Unhappy At Work? Here’s What Labor Day Can Teach Us About Disgruntled Employees

Many people think of Labor Day weekend as the last weekend of summer and their last chance to squeeze in a final summer getaway.

Activities like camping, barbecues, and boats abound, but there’s more to this understated holiday than most know. Over the years, Labor Day went from being a day to celebrate workers and the terrible working conditions they overcame to being the unofficial end of the summer barbecue season.

Labor Day was first recognized as a federal holiday in the United States in 1894. It came about as a result of protesting terrible working conditions in the 1800s. Imagine working 12 hours a day, seven days a week for low wages for adults and children.

Nowadays, that’s unheard of.

While working conditions in the US have significantly improved, there is definitely still workplace discontent — just look at the recent Amazon debacle. You probably won’t have employees rioting in the streets if your conditions aren’t ideal, but you’ll have actively disengaged and disgruntled employees — which might actually be worse.

When employees are secretly unhappy, the damage to your company can be sinister — even if it isn’t easily visible. Their productivity suffers, they’ll spread negativity to coworkers, and you may have no idea it’s even going on. Here are some of the workplace conditions that could cause a dip in employee morale:

Long Hours:

Your employees probably aren’t working 12 hours a day, 7 days a week, but there are still some companies that expect employees to put in long days if they want to move up. This isn’t just the standard for doctors or lawyers either. According to a Gallup study, American employees currently work an average of 47 hours a week—40 percent work at least 50 hours a week. At BambooHR, we feel like employees can get more done if their lives are balanced. That means that no one here is working 10 hour days. In fact, we try to keep it pretty close to 40 highly focused hours a week, and it works really well for us.

No Time Off (Or Unlimited Time Off):

Your employees need a break from time to time. But if vacation days are seen as unacceptable in company culture, workers could be less inclined to use them. About 41 percent of workers in the US aren’t using their paid vacation days. Give them adequate time off, encourage them to use it, and don’t require them to be constantly checking email while they’re away from the office. Don’t say you have unlimited time off just so you can deprive people of actually taking days off. It’s dishonest, sneaky, and just plain mean. Yes, unlimited time off works well for some companies. But if you’re going to implement it, make sure it doesn’t evolve into employees pressuring each other to take as little vacation as possible as a way to get ahead.

Lack of Growth:

The number one reason employees leave their jobs is because of a lack of advancement. People like to feel like they’re growing in their careers and moving up. Now, that doesn’t necessarily have to mean climbing up the ladder. You don’t need to promote each employee every year. You can help employees set and accomplish goals and help them gain new skills they desire. This is about more than just gaining a new job title, it’s about bettering your employees. You can help employees set and accomplish goals and help them gain new skills they desire. When workers are happy and satisfied, you will feel the benefits.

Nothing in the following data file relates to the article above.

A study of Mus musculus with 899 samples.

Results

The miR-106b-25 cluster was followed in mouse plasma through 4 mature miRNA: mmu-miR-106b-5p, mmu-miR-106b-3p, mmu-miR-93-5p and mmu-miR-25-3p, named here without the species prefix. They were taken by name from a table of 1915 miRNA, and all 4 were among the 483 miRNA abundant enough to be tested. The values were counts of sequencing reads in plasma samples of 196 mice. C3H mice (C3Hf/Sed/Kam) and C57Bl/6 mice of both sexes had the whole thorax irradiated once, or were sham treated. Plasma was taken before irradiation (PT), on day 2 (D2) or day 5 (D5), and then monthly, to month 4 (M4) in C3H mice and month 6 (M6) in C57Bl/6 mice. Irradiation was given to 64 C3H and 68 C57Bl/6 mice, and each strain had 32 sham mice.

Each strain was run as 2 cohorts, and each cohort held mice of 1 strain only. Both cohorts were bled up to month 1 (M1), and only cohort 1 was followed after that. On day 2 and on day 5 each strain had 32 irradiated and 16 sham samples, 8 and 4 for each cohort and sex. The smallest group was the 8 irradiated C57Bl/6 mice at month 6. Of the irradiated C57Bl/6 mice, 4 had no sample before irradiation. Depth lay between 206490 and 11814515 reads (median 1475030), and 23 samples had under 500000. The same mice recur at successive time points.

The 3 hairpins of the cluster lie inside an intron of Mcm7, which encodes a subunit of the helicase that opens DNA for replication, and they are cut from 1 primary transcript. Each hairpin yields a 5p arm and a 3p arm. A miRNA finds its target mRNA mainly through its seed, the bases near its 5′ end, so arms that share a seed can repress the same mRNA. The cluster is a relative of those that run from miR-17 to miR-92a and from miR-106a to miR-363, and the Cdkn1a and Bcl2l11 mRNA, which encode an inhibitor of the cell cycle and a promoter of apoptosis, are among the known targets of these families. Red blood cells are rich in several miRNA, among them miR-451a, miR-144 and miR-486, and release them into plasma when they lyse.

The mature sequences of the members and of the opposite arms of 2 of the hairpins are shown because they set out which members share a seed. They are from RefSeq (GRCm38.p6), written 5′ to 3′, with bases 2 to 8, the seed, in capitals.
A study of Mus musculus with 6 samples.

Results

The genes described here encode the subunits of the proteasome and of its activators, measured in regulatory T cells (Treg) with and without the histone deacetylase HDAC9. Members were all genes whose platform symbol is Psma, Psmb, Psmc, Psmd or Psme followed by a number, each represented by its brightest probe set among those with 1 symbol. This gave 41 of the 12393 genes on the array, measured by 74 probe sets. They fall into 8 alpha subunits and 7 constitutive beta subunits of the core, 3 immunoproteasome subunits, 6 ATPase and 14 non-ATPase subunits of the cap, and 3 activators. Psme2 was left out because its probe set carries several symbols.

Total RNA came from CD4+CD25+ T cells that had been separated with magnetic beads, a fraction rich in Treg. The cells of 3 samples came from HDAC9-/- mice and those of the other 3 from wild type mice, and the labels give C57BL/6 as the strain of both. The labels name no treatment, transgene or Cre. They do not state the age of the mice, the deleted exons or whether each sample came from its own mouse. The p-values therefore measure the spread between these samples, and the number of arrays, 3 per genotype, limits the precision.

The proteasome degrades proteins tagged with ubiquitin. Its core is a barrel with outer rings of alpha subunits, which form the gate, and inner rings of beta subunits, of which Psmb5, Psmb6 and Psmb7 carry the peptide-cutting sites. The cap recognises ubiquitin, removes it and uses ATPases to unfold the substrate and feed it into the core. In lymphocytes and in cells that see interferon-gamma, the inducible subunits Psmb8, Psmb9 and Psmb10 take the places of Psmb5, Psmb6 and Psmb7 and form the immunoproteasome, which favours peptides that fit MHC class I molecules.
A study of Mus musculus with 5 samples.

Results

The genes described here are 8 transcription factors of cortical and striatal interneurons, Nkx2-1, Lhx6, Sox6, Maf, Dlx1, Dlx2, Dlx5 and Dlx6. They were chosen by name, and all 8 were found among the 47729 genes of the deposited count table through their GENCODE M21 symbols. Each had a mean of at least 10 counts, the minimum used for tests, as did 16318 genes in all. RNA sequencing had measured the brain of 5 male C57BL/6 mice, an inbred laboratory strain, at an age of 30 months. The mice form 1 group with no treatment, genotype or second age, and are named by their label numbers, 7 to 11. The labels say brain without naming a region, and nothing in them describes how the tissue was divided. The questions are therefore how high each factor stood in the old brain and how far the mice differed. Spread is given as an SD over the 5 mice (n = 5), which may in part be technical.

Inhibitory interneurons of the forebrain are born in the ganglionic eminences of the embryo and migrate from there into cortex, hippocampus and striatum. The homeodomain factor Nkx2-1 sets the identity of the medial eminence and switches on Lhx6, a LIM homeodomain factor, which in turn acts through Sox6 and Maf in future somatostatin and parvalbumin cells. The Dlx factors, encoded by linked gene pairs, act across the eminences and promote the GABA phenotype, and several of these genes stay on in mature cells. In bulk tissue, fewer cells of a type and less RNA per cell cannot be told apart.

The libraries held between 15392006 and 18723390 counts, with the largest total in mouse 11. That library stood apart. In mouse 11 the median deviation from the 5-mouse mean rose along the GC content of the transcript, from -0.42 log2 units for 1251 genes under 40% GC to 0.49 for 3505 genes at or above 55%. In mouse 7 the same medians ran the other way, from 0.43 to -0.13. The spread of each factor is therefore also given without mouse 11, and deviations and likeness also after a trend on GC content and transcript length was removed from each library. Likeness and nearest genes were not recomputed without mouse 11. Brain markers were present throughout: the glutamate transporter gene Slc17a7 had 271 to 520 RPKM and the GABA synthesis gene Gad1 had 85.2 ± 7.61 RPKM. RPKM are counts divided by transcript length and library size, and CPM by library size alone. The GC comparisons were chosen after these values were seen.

Toxic Leaders:

People often quit their bosses—not jobs; in fact, a Gallup study found that half of us have left because of bad bosses. Even if you haven’t had a boss experience bad enough to make you walk away from your job, you’ve probably had one bad enough to make you fantasize about rage quitting or gossiping about them around the water cooler. Make sure you carefully select the employees who get to be leaders and ensure they’re treating your people well. Promoting or hiring employees who have bad behavior will send a message that you value those types of behaviors.

Toxic Coworkers:

Leaders aren’t the only people who can damage a work experience. In fact, coworkers can be as damaging or more than toxic bosses, causing manager retention issues as well.. Your employees probably spend more time during the week with their coworkers than they do with their own families, which requires them to spend more time around that toxic person. You shouldn’t expect your employees to all be best friends. But it is important that your employees are respectful of one another and at least pleasant to be around. While likeability isn’t the only thing to watch for in an interview, it certainly can’t hurt. Keep that in mind when you’re interviewing people for new positions within the company. Just remember, good employees are 54 percent more likely to leave their jobs when they have a toxic coworker.

Bad Culture:

More than half of employees think their company culture is in need of a major overhaul. That culture can be the result of the aforementioned items as well as workplace stress, overstimulation, and lack of communication, to name a few. Make sure your workplace is a great place to be. When your workers are happy, they are more likely to go above and beyond. Make sure your company values guide your employees’ behaviors and encourage them to grow and improve. This will help cultivate a positive culture that makes your employees happier.

You probably don’t have to worry too much about your employees enjoying a three-day weekend. But what you do have to worry about is how they return to work. Most people don’t look forward to getting back to work after a long weekend, but if your company culture is positive, you know they will be there, ready to work.

On Labor Day, we shouldn’t just remember those who fought for better working conditions 200 years ago; we should also take a look at the current state of our working conditions and make sure they’re fair and sustainable.